Many great houses and estates were created and embellished by money made from the mining industry. A number of outstanding houses and gardens in Cornwall which once belonged to the mineral lords, or the industrial ‘nouveau riche’, still survive today.
Symbols of great wealth
While upward social mobility meant that people with new money were able to move to more attractive areas of towns and villages, the landed classes – many of whom made huge fortunes form the mining industry – were keen to reflect their success and status.
During the expansive period of industrialisation many new estates were built, including a mansion at Scorrier constructed by the Williams family and Carclew, the home of William Lemon. Older estates underwent elaborate transformations. Tehidy, the seat of the Basset family, was one of these. The mansion was rebuilt by John Francis Basset in 1861, reflecting the fortune he had made from local mines. His yearly income from the Dolcoath and South Frances mines was about £20,000 (worth approximately £860,000 today).
These elegant mansions boasting well stocked libraries, music rooms and conservatories crammed with plants were shielded from the source of their wealth – acres of mine tips and industrial buildings that ‘scarred’ the landscape – with lavish ornamental gardens.
The rise of horticulture
Horticulture became increasingly popular amongst the wealthy during the 19th and early 20th centuries. Several of the families involved with the mining industry became notable horticulturalists. Many sponsored plant-hunting expeditions all over the world to look for new species they could bring back to Cornwall.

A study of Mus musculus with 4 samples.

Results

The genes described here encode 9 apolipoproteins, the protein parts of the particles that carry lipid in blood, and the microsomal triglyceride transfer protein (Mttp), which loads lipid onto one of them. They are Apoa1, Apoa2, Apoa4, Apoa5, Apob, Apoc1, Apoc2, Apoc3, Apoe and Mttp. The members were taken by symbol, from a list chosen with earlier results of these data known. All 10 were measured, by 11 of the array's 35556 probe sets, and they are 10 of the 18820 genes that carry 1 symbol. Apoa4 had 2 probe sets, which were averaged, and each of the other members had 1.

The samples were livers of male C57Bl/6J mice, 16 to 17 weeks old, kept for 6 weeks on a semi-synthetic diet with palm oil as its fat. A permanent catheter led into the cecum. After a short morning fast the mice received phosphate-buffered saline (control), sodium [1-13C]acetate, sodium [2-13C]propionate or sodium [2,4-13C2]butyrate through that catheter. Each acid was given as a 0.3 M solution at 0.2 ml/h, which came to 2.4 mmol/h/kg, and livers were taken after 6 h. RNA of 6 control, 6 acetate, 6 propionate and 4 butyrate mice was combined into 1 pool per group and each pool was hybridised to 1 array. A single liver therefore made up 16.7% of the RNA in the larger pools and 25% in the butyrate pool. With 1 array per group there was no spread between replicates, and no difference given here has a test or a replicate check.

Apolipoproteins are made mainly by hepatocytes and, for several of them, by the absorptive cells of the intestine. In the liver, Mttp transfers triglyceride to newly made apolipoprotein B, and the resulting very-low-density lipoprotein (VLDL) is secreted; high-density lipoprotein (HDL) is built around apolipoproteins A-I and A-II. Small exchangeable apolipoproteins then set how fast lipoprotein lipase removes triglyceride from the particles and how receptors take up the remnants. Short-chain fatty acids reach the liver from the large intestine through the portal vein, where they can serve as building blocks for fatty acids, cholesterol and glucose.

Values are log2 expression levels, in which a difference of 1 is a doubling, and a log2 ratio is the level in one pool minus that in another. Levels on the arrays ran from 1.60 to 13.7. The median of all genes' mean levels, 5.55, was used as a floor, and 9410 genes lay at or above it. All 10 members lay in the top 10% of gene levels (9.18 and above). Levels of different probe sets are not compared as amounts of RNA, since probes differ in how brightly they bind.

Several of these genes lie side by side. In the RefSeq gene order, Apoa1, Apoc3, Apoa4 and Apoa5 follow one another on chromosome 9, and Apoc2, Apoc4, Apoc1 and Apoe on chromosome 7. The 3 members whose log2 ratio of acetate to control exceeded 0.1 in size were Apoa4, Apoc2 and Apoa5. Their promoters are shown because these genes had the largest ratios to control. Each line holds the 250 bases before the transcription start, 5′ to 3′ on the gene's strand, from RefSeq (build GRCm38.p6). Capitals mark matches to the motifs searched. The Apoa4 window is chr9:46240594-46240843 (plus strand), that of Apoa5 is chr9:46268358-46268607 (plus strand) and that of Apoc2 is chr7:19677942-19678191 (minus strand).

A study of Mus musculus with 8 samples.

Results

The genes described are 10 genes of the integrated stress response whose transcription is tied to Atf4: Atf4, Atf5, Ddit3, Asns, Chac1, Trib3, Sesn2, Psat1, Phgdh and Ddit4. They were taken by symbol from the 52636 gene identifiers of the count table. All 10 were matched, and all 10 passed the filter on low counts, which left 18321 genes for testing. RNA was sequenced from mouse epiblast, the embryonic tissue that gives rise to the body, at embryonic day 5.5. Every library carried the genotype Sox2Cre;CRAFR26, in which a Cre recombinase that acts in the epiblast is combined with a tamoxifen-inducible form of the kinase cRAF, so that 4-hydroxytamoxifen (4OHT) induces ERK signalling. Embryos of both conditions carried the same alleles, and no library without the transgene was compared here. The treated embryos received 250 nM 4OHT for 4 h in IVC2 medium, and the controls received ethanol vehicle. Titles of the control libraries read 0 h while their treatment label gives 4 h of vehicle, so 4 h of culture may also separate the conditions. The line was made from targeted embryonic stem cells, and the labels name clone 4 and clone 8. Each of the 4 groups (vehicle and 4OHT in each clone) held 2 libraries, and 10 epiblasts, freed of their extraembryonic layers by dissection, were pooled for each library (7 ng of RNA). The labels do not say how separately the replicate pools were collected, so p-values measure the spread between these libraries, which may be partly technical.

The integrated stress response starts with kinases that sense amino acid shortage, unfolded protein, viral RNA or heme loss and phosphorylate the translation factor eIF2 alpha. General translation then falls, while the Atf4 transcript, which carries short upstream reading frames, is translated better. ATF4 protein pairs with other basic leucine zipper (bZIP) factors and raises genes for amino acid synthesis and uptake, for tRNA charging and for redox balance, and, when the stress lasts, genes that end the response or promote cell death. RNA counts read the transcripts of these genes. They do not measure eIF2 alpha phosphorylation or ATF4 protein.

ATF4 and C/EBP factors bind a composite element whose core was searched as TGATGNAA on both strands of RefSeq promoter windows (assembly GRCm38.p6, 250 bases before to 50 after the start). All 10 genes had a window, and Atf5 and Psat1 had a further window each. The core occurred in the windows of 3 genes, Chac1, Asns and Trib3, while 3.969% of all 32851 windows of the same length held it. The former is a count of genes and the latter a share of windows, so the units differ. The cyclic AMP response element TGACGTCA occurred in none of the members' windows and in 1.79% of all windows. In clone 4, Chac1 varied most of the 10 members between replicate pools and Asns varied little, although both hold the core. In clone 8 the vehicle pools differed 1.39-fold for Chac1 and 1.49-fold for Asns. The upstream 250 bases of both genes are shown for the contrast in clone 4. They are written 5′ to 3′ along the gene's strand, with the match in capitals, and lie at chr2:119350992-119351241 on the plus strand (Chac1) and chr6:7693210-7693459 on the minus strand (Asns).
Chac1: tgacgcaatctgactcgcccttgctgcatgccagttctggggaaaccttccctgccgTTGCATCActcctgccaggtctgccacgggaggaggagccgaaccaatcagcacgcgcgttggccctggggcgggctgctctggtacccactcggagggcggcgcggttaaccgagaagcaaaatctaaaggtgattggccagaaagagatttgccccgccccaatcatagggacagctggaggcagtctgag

Due to Cornwall’s mild climate, many of the plants and shrubs brought back from more tropical regions flourished here, particularly in the more sheltered, south-facing gardens. Rhododendrons, brought back from India and the surrounding areas, and tree ferns, which originate from New Zealand and Australia, have flourished in Cornish gardens. As a result, many of the gardens that developed during this period have become internationally renowned.
Once home to one of the great Cornish mining dynasties, the Lemon family, Carclew was destroyed by fire in 1934. Sir Charles Lemon’s family was one of the first to receive and grow rhododendrons from seed around 1850, sent from Sir Joseph Hooker’s expedition to the Himalayas.
Trevarno House, formerly the home of the Wallis mining family, later became the home of the Bickford-Smiths (safety-fuse manufacturers). It’s famous for its magnificent gardens and is also home to the National Museum of Gardening.
Trengwainton House was bought by the Bolitho family, one of the great Cornish mining families in 1867. When Lt. Col. Edward Bolitho inherited the garden in 1925, he set about transforming the garden with exotic species. He sponsored a plant-hunting expedition to Assam and the Mishmi Hills in Burma in 1927-8. Many of the specimens brought back from that venture had never been grown in the UK before. The rhododendrons at Trenwainton today were grown from seeds brought back by that expedition.
The property is now owned by the National Trust, and the gardens are open for visitors.
The Tehidy estate had been owned by the Basset family since Norman times. During the height of the mining boom, the family’s wealth grew exponentially as a result of income from mining and land rents. The house was rebuilt by John Francis Basset between 1861-1863. The estate was sold by the Basset family in 1916. The mansion was destroyed by fire in 1919, and replaced by the new owners in 1922.